Since You Asked…

Crops have a lot to say. TPS Lab’s Ask The Plant program is making sure growers hear.

Published online: May 02, 2018 Articles Tyrell Marchant, Editor

Over the course of the last half-decade or so, there has been a growing movement among elite athletes to better understand how their individual bodies function when “healthy,” in an effort to avoid injury and ultimately lengthen athletic careers. Its practitioners have dubbed it “applied sports science.” The idea is that if an athlete—say, a basketball player who cuts to his left with 20 percent more force than to his right—can identify inefficient idiosyncrasies in his movement, he can decrease unnecessary wear and tear on a particular part of his body, thereby reducing the risk of injury.   

That same idea of seeking pre-injury prescription, rather than post-injury damage control and rehabilitation, is what drives the agronomic minds at the 80-year-old TPS Lab in Edinburg, Texas. Situated in South Texas in the heart of the Rio Grande Valley, TPS Lab has for 64 years administered its Ask The Plant program in growers’ fields by “listening” to crops’ faint whispers in advance of the occurrence of yield- and profit-robbing nutritional deficiencies.  

“By the time you see deficiencies,” says TPS Lab’s senior consultant and vice president of operations, Noel Garcia, CCA, “they’ve already been costing you yield and quality. We want to fix those problems before they get to that point.”

Ask The Plant begins with TPS Lab’s carbonic acid extraction soil tests. Most traditional tests, particularly in soils with a high pH, overestimate what nutrients are actually plant-available, Garcia says. Carbonic acid is naturally formed in the soil around the roots. It is only the carbonic acid and water-soluble nutrient compounds that the plant can absorb.     

“We’re mimicking the roots,” explains Garcia. “So regardless of the soil, whether the crop is growing in South Texas or in the Pacific Northwest or in Ireland, the test is accurate. It doesn’t matter; carbonic acid is formed the same way. The test calibrates very well back to plant uptake.”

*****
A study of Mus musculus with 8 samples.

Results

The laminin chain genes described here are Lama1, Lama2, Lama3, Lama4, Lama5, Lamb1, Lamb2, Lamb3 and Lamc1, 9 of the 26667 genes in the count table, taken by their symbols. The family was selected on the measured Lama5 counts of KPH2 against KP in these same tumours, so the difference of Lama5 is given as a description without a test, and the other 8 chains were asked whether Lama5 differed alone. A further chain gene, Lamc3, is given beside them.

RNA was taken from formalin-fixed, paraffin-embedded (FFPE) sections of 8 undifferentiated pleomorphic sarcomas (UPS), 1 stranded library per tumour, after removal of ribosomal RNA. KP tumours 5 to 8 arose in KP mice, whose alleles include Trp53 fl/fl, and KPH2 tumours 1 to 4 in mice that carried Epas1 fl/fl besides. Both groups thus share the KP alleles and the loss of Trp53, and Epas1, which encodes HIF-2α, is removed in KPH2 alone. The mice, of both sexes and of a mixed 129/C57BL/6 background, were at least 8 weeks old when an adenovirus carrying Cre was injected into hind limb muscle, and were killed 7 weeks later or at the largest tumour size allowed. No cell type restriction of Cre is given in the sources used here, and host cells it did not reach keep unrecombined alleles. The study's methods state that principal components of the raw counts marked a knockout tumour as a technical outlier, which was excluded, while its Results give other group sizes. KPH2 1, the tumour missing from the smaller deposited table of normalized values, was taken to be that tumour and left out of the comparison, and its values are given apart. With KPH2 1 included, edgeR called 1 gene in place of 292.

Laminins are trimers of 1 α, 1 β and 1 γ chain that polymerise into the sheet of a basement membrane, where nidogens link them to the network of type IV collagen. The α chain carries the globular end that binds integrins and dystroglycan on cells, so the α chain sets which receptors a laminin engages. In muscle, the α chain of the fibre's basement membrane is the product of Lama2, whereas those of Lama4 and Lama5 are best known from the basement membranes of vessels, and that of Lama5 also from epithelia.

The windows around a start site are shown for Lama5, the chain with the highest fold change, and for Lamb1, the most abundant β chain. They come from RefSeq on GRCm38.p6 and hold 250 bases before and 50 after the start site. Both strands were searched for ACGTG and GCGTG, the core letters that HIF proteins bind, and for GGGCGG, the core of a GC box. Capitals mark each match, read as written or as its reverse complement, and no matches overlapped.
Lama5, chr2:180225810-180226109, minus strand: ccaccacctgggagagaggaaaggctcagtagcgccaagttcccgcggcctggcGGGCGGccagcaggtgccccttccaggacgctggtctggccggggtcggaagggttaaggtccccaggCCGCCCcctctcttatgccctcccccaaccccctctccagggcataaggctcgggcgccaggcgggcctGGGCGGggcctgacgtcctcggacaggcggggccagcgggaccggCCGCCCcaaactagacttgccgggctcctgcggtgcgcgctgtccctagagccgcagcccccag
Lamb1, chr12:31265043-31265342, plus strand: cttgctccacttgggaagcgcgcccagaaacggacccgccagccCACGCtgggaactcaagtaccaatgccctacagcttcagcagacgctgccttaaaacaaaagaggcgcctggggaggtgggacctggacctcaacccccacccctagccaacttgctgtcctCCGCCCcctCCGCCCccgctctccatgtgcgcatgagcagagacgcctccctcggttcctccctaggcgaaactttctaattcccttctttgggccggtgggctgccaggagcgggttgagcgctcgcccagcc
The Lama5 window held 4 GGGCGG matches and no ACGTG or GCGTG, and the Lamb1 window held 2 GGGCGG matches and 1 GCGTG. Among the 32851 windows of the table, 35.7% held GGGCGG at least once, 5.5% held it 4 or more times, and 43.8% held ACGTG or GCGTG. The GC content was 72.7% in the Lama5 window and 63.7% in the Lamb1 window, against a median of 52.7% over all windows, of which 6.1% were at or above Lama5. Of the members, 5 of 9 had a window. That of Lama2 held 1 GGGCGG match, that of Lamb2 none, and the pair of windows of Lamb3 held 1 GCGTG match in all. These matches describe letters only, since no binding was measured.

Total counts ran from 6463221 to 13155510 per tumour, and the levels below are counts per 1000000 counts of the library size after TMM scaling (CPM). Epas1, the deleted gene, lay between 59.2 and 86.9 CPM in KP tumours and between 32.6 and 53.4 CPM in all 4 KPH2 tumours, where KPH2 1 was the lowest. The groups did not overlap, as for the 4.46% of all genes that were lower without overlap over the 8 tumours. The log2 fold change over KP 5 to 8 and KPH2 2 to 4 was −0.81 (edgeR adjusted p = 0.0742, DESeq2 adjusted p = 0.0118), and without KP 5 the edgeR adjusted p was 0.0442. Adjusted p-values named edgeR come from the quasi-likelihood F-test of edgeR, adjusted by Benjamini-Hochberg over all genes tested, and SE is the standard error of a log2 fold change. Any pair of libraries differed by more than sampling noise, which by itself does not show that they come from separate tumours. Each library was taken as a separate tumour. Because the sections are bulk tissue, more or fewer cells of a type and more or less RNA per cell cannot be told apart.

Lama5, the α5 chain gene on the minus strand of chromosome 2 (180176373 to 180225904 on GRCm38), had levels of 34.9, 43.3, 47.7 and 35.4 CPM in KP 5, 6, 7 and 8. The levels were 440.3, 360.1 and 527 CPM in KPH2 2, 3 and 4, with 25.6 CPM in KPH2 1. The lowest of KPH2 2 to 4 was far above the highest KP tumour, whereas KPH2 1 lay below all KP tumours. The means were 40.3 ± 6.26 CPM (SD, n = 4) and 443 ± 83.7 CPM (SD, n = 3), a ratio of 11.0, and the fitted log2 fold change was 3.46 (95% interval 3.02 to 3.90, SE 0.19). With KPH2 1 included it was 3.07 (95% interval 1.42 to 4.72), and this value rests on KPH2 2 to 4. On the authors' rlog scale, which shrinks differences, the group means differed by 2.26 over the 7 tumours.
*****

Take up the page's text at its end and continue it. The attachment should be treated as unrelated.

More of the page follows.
But the soil test is only the season’s start of crop success in the Ask The Plant program. The real game changer is the regular plant sap and tissue tests throughout the season. “That’s where we really ‘ask the plant,’” says Garcia.

“While there are many labs that perform plant sap and tissue analyses, they typically use 60-year-old (or older) published standards for their interpretations and recommendations—if they give any specific recommendations, at all,” says Garcia. “The critical key to remarkable crop successes is timing—when and where to put how much of what. At the end of the day, all growers and consultants want to know is really only that.

“There have been many new discoveries in plant nutrition and a lot of new crop varieties introduced since the ’50s,” he adds. “Additionally, there are now more efficient fertilizer products available that go way beyond just N-P-K. Biological inoculants, amino acids and hormones can yield really dramatic results, especially when there is disease or nematode infestation, or physical damage, as by hail or sandstorms.”

Ask The Plant tests provide closed-loop feedback about a crop’s nutritional status. As Garcia points out, a potato plant’s nutritional requirements are changing all the time. Ask The Plant gives growers seven to 21 days to correct nutritional problems before crop performance is impacted for the season. Even accounting for the time it takes to ship samples to TPS Lab, Garcia says that time frame still leaves plenty of time for the grower to fix any potential problems.

Garcia recommends potato growers start taking plant tissue samples when plants reach eight to 10 inches in height, then continue weekly to the end of the season.  

“You have to stay on top of nutrition to keep the plants happy,” he says. “You can’t do that by doing a little test and some hope-for-the-best fertilization two or three times a year. If you want to maximize the capabilities of your potato crop, you’ve got to stay on it more aggressively.

“We need to micro-manage potato plant nutrition because there’s no guarantee that what we apply actually gets into the plant,” Garcia continues. “If we can micro-manage all nutrients in-season, we can alleviate the typical hidden hunger and chronic malnutrition of the plant, as well as many disease and insect pressures. Plants have the ability to resist these if they have the nutritional resources. That generally leads to higher yields, better quality and, sometimes, the reduction of input costs like water, fertilizers, fungicides and pesticides.”

In January, TPS Lab hosted its first-ever Spud School in Fort Hall, Idaho. Nearly 150 people, including manufacturers’ representatives, growers and field consultants from 13 U.S. states and four Canadian provinces attended to get an in-depth understanding of potato plant nutrition and hear growers and consultants tell about their experiences with the Ask The Plant program. According to surveys, most left impressed—so much so that TPS Lab will be offering Spud School 2019, a more advanced course in potato crop nutrition. 

“Every one of our tests is a custom test,” says Garcia. “They have to be for the grower to get outstanding crop performance.

“There’s no one, big silver bullet, but a lot of little ones.”

 

TPS Lab can be contacted at (956) 383-0739 or www.tpslab.com.